Smithield woman said she shook baby, trooper testifies
A Fayette County woman accused of violently shaking her 14-month-old son — until he suffered permanent brain injuries — told police he would not stop crying after having kept her up all night, two state policemen told a jury on Monday.
“She wasn't having a good morning,” testified Trooper Daniel Boyd as he recounted an oral statement Jessica Rhodes gave to police four days after her son was hurt.
“She was frustrated because she didn't get any sleep,” Boyd said during the first day of Rhodes' trial before President Judge John F. Wagner Jr. in Uniontown.
“When he wouldn't stop crying, she shook him until he stopped,” Boyd said.
Rhodes, 20, of Smithfield is charged with aggravated assault, child endangerment, simple assault and reckless endangerment.
Assistant District Attorney Mark Mehalov is seeking to prove Rhodes violently shook her toddler in her mobile home on Dec. 1, 2012. The boy, now 2, suffered a traumatic brain injury, Mehalov said in an opening statement to jurors.
Rhodes initially told troopers her son was injured when he fell from a standing position and hit his head on the floor, according to Trooper John Krause.
“She said he crawled over to a couch, and he started to climb up that couch,” Krause testified. “He fell backward on his butt, then fell backward on his head.”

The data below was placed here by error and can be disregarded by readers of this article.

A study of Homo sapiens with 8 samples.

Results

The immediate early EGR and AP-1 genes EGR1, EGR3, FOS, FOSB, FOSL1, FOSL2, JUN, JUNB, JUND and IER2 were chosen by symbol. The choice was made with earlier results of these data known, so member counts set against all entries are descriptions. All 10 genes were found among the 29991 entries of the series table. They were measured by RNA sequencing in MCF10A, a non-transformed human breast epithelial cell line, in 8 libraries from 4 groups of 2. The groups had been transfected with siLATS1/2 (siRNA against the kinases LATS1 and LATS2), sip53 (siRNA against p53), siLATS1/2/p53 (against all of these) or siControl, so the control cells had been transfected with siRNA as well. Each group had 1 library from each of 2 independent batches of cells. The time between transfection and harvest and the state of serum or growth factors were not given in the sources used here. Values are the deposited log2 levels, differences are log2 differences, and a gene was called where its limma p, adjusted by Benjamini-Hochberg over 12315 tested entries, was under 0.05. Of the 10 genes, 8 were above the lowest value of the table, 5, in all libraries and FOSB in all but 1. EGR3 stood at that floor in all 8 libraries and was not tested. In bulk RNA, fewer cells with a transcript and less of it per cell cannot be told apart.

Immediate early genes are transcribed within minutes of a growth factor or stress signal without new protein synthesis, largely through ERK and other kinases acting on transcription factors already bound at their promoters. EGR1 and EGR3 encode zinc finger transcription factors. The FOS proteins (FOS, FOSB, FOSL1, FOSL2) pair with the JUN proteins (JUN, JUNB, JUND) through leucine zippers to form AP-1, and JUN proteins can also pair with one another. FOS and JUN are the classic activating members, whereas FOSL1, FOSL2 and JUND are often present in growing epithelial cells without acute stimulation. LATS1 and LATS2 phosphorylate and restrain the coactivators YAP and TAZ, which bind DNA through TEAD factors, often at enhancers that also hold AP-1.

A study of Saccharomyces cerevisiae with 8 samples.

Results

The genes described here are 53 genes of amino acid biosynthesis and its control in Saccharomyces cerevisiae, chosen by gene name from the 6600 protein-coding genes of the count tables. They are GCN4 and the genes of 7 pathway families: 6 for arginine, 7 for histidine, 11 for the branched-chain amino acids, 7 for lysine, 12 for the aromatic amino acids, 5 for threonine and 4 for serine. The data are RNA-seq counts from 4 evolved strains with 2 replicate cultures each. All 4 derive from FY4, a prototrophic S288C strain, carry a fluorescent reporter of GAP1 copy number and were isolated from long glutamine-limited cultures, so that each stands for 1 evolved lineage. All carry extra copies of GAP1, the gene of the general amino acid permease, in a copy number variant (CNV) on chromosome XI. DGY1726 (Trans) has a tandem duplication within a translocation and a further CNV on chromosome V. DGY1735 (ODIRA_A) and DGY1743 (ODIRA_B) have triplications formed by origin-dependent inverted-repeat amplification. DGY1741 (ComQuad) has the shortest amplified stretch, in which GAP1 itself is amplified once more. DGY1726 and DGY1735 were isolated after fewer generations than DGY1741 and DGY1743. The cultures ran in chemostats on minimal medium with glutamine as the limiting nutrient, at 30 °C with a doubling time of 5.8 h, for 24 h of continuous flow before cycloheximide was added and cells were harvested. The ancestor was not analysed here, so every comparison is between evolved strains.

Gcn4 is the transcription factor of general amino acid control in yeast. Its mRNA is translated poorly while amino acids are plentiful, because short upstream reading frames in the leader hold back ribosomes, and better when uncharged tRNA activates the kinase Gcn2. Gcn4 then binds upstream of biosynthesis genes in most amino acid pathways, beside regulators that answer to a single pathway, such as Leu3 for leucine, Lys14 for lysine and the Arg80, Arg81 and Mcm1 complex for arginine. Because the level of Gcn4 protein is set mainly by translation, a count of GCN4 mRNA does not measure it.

Boyd testified that Rhodes repeated the same story four days later but added the part about shaking the boy when she was advised his injuries were too severe to have been caused by the fall.
Rhodes told troopers her son's eyes “got big” and he became unresponsive after she shook him, Boyd testified.
Rhodes said, “I didn't even realize what I had done until it was too late,” Boyd testified, reading from a written statement she gave to police.
“I'm truly sorry and willing to do whatever it takes to have my son in my arms again,” Rhodes wrote.
Under questioning by defense attorney Thomas Shaffer of Uniontown, Boyd and Krause testified they did not advise Rhodes of her Miranda rights to remain silent and not speak without an attorney until after she said she had shaken her son.
Boyd testified Rhodes was not advised of her rights when police first spoke with her on Dec. 1 because the officers did not know a crime had occurred until days later, when doctors advised the troopers of the extent of the boy's injuries.
Rhodes was a suspect when the troopers spoke with her four days later in a closed-door, private room at Children's Hospital of Pittsburgh in Lawrenceville, Boyd testified.
The officers were under no legal obligation to advise her of her rights at the start of the interview because she was not under arrest, Boyd testified.
Both troopers testified that immediately after Rhodes told them she had shaken her baby, they stopped the interview to advise her of her rights.
Rhodes is free on $10,000 bond. The trial is scheduled to resume on Tuesday before Wagner.
Shaffer said Rhodes' son is in the care of his grandmother.
Liz Zemba is a reporter for Trib Total Media. She can be reached at 412-601-2166 or email@example.com.